Indebted consumers searching Google for “financial freedom” and a chance to reduce their bills were 101 percent more likely to convert to 800-number callers of San Diego-based debt settlement firm Fidelity Debt Solutions after the company optimized its paid search landing page.
The triple-digit conversion lift came about because various elements of the fidelitydebt.net landing page could be tested and changed in the search engine marketing space much faster than it could in the organic arena. Then those SEM findings could be added to search engine optimization tactics, says Brian Lewis, vice president of San Diego-based search marketing firm Engine Ready, which designed the FDS paid search landing page.
Below, five instances where SEM results lord over SEO abilities are enumerated by Lewis; Rich Kahn, chief executive officer of Middletown, Del.-based search marketing firm eZanga; and Matt Kain, chief revenue officer of Santa Monica, Calif.-based search marketing firm The Search Agency.
1. SEM is faster than SEO. Testing and ranking can happen in real time. Lewis says his firm optimized the FDS landing page items such as the call to action, 800-number location and legibility, contact form, and a 32-second, explanatory video.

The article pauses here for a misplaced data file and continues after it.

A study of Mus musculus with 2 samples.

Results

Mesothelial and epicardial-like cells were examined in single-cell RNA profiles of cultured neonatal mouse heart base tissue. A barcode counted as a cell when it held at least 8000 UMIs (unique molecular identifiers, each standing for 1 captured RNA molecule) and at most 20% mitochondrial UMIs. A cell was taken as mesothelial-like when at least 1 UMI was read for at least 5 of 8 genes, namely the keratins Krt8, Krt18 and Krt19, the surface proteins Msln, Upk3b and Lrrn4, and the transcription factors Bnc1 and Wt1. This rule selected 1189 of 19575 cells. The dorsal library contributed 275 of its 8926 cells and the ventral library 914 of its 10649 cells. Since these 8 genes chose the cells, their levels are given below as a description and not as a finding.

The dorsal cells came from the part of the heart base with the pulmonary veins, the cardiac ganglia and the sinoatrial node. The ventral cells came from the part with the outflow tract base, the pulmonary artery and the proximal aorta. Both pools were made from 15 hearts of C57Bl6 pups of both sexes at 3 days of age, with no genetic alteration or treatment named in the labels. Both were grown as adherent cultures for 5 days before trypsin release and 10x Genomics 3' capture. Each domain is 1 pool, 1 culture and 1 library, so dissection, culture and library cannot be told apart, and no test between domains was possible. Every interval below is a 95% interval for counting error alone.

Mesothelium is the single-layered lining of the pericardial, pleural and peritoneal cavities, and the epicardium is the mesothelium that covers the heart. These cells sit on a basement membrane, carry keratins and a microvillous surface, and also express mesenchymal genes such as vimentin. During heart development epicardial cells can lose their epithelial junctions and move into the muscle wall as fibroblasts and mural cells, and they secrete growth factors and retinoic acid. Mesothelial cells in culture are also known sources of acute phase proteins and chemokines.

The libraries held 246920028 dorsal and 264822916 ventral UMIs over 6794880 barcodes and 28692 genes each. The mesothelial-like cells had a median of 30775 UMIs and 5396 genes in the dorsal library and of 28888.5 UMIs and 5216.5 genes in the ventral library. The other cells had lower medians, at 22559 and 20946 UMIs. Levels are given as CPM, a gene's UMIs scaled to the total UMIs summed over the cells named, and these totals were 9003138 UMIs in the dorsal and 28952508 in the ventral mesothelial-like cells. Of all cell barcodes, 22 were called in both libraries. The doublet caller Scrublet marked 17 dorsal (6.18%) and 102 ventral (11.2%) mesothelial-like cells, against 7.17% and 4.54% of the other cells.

“If you put up a campaign with search engine marketing, you can put up a bunch of tests, a bunch of different campaigns, test them all—and you can do that all in the first day,” Kahn says. As for the most obvious ranking aspects, he adds, SEM always ends up with the top rankings, no matter how high the SEO results are. And beyond that, paid search has access to more than Google.com. Google teams with other sites, so paid search customers also have access to those sites, Kahn says.
In addition, Kahn relates an example where a client ranked for keywords simply by pursuing an SEM strategy before redesigning its company Web site. The client provided eZanga with 35 terms “that they should’ve ranked pretty well for,” Kahn points out, but only one of them provided a 400-level ranking. None were on the first page of organic results, he says. Six months into the SEM contract with eZanga, without the company having changed a single word on its site, about 26 of those terms were on the first page of organic results. “It just makes sense,” Kahn says. “I mean, if you’re a paid customer of Google, Google wants to take care of its customers. So whether it’s one of their algorithms that they use or it’s some other issue that’s happening, every time I see a company just add in search engine marketing, their SEO ranks, over time, increase.”